Dietary supplement with 2 double coenzyme coQ10 for:
- Antioxidant protection
- Stimulation of heart function
- Reduction of myopathy by statins
Benefits of CoQ10
Many of our normal biological processes create byproducts known as free radicals. These compounds can sometimes cause cellular damage known as oxidative stress. Many of the health benefits of CoQ10 are due to its ability to protect against oxidative stress. This is an important ability as oxidative stress and oxidative damage is associated with inflammation and a wide range of chronic disease.
1. Treat heart disease and heart failure
Heart failure is the result of accumulating damage from heart disease such as coronary heart disease or hypertension (high blood pressure). Over time, these conditions change the structure or function of the heart until it is no longer able to pump blood throughout the body as it should. A study involving 420 participants with moderate to severe heart failure reported that coQ10 was able to reduce their symptoms and even reduce the risk of cardiovascular-related death (Mortensen, 2014). Participants of another study treated with CoQ10 had fewer hospitalizations for worsening of heart failure symptoms than the placebo group (Morisco, 1993). Researchers believe that CoQ10 is able to improve the condition of heart failure patients because it helps restore proper energy production and heart function while protecting against oxidative damage (Di Nicolantonio, 2015).
2. Help lower blood pressure
High blood pressure or hypertension is a risk factor for cardiovascular disease. CoQ10 may be able to boost heart health by reducing the risk of heart disease. A systematic review of 12 clinical studies found that CoQ10 was able to reduce systolic blood pressure, the largest marker of heart disease risk, by up to 17 mm Hg and diastolic blood pressure by up to 11 mm Hg (Rosenfeldt, 2007).
3. It can help Parkinson's disease
CoQ10 was able to slow the development of disabilities in patients with Parkinson’s disease in a small clinical study. All doses of the enzyme showed a significant benefit over placebo, but the highest dose (1200 mg of CoQ10 per day) was more effective (Shults, 2002).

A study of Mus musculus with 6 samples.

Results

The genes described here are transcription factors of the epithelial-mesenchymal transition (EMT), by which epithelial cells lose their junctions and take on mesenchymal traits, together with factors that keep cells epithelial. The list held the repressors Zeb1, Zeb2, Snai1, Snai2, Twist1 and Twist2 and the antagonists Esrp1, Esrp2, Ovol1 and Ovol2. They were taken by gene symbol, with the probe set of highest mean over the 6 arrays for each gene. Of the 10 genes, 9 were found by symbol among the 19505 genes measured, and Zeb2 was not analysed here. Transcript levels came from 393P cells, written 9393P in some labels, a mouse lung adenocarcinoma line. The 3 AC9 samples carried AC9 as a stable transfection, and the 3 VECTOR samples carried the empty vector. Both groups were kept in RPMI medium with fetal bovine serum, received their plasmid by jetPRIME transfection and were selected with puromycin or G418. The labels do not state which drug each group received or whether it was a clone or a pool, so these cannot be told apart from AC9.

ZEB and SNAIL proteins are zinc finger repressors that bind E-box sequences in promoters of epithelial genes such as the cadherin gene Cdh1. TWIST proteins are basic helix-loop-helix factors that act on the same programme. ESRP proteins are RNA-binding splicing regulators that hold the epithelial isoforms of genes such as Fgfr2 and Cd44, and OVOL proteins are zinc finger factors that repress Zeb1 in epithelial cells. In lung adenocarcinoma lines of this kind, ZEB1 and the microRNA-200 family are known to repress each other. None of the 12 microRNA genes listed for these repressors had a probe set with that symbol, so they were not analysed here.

4. Reduce the symptoms of statin-induced myopathy
Statins are a widely used cholesterol-lowering drug commonly taken by people with high risk factors for cardiovascular disease. Statins are very effective treatment in lowering blood lipids, but they have significant side effects. One of them is myopathy, a condition in which the muscle fibers do not work properly. The result is muscle pain, fatigue and muscle weakness. A meta-analysis of randomized controlled trials shows that CoQ10 may help moderate this effect. People with statin-induced myopathy who received CoQ10 supplementation had fewer symptoms than those in the placebo groups (Qu, 2018).
5. Fewer migraines
There is a link between mitochondrial dysfunction and certain types of migraine headaches. And migraine sufferers have been found to have lower levels of CoQ10 than those without the debilitating headaches. In fact, their levels are low enough to be considered CoQ10 deficient (Yorns, 2013; Hershey, 2007). Supplmentation of CoQ10 may reduce migraines. Oral supplements of the enzyme successfully relieved migraine symptoms compared to placebo. Participants who received CoQ10 experienced fewer headache days, lower frequency of migraine attacks, and/or incidence of headache-induced nausea (Sandor, 2005).
6. Enhance physical performance and endurance
Since CoQ10 supports mitochondria and energy production in cells, a lack of CoQ10 in muscle cells can hinder muscle function and physical performance. In fact, exercise intolerance is a common side effect of mitochondrial disease. Dysfunction in these energy centers causes muscles to produce more lactic acid (which causes muscles to cramp during or after intense exercise) and free radicals (Siciliano, 2007). During exercise, free radicals can also cause cellular damage. Supplementing with CoQ10 can prevent this process after intense exercise.
How to get enough CoQ10
The body produces less CoQ10 over time. Therefore enhancing dietary intake or opting for CoQ10 supplementation is critical. But aging isn’t the only thing that lowers CoQ10 levels. Our levels can be lower after taking statins or following a heart attack. In these cases, or in the case of coenzyme Q10 deficiency, a healthcare professional may recommend high doses to bring levels back to normal. CoQ10 is generally well tolerated and the side effects of the supplement tend to be mild.
Organ meats (heart, liver, kidneys) are excellent sources of CoQ10, although they can be difficult to fit into our daily diet. Eating oily fish such as mackerel is another effective way to increase your dietary intake of CoQ10. Some fruits and vegetables contain the compound, as well as some legumes, nuts and seeds, albeit in lower amounts.
Typically, 100–200mg of CoQ10 per day, although some conditions may require higher doses of 300–600mg. CoQ10 is a safe supplement that can benefit a large group of people looking for a natural way to boost health.